Celebrating his 45th birthday, five times world champion Viswanthan Anand played out an easy draw as white against Fabiano Caruana of Italy in the second round of London Chess Classic, in London on Friday. After showing deep preparation against Kramnik in the opener, Anand could not dent Caruana’s chances as black out of a Queen’s gambit declined and the Italian got an easy half point without having to exert himself at London’s Olympia Conference Centre. This also resulted in Caruana opening his account on another bloody day in the Classic after a drubbing at the hands of local favourite Michael Adams in the first round.
Vladimir Kramnik of Russia scored a crushing victory over Hikaru Nakamura of United States to move up the ladder in this six-player five-round tournament. Kramnik took his tally to four points in the soccer-like scoring system in place here that gives three points for a win and one for a draw. Anish Giri of Holland also won his first game in the Classic outplaying Adams in a nearly one-sided affair. Giri and Kramnik now share the lead on four points each, a point clear of Adams while Anand stands fourth on two points. Caruana with one point from two games is currently at the bottom of the tables with Nakamura.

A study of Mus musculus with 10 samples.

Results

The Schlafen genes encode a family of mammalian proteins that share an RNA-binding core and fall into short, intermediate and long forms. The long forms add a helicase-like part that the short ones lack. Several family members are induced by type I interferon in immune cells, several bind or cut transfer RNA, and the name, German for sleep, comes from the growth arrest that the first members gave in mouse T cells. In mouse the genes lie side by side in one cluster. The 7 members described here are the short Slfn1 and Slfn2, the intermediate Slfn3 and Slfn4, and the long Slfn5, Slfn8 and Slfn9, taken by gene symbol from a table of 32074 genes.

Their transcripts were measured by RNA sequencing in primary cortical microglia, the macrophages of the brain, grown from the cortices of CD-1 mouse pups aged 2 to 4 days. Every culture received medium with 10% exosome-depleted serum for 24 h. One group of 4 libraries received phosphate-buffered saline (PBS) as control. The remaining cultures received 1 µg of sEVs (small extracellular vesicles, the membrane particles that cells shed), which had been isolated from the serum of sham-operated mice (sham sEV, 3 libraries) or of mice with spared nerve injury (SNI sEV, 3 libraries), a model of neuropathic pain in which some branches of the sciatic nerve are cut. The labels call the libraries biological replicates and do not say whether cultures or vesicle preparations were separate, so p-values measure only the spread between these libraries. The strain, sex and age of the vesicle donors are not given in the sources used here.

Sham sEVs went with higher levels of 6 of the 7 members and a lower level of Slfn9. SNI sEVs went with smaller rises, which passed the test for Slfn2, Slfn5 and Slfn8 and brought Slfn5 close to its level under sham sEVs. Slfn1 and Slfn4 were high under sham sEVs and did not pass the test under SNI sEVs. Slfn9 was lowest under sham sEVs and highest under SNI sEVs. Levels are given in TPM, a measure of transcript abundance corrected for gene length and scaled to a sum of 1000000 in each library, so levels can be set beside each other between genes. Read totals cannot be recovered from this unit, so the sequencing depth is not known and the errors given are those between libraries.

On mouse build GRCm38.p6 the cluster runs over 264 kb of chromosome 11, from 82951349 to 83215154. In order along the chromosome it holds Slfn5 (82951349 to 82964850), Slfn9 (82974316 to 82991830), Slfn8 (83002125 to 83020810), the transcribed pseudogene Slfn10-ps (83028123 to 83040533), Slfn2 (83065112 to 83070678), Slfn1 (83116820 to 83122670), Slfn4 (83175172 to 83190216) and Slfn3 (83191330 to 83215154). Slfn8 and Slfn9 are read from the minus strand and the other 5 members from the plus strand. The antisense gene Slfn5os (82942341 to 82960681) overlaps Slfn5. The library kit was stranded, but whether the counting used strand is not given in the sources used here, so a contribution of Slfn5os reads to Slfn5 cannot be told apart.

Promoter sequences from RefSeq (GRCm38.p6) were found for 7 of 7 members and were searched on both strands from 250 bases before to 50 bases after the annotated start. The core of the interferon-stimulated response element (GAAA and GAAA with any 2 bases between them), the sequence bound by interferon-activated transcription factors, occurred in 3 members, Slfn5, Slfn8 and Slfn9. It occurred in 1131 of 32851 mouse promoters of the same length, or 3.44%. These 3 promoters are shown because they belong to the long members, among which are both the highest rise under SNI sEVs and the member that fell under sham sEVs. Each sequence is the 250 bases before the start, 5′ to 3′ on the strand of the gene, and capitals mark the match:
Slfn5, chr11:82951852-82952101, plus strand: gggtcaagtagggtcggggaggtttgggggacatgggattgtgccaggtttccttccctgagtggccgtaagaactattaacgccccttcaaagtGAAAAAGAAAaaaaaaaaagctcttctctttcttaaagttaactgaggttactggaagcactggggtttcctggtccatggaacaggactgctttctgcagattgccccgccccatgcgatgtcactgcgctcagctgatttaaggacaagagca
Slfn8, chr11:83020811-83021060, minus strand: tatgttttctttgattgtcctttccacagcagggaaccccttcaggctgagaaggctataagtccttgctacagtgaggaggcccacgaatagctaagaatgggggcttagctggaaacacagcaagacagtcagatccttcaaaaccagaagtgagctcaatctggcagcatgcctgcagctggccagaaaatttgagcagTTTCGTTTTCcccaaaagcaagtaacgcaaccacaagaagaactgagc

Anand faced the Queen’s gambit declined from Caruana and nothing worthwhile happened in the game for the Indian as the latter was well prepared. Going for a variation that has been extensively analysed, Caruana made sure sure things were in control with black pieces and the game was drawn in a mere 17 moves vide repetition.
Kramnik provided the fireworks on a disappointing day for Anand’s fans. “I am always happy to play against the King’s Indian defense”, was how the Russian summed up his clean effort against the American. The Petrosian system as white gave Kramnik huge attacking possibilities in the middle game and he did not falter in executing them. The preparation played a key role in this encounter as Kramnik had four minutes more than what he started with when he got the advantage, showing clearly how well armed the Russian was for this key encounter. The game lasted 41 moves.
Adams was outdone from a Bogo Indian opening with black pieces. Giri made most of his opportunities to get a tangible advantage in the early middle game and then knocked down a pawn with precise technique. The rest was just a mater of time and technique and Giri had little to worry about even though Adams tried to make a match of it.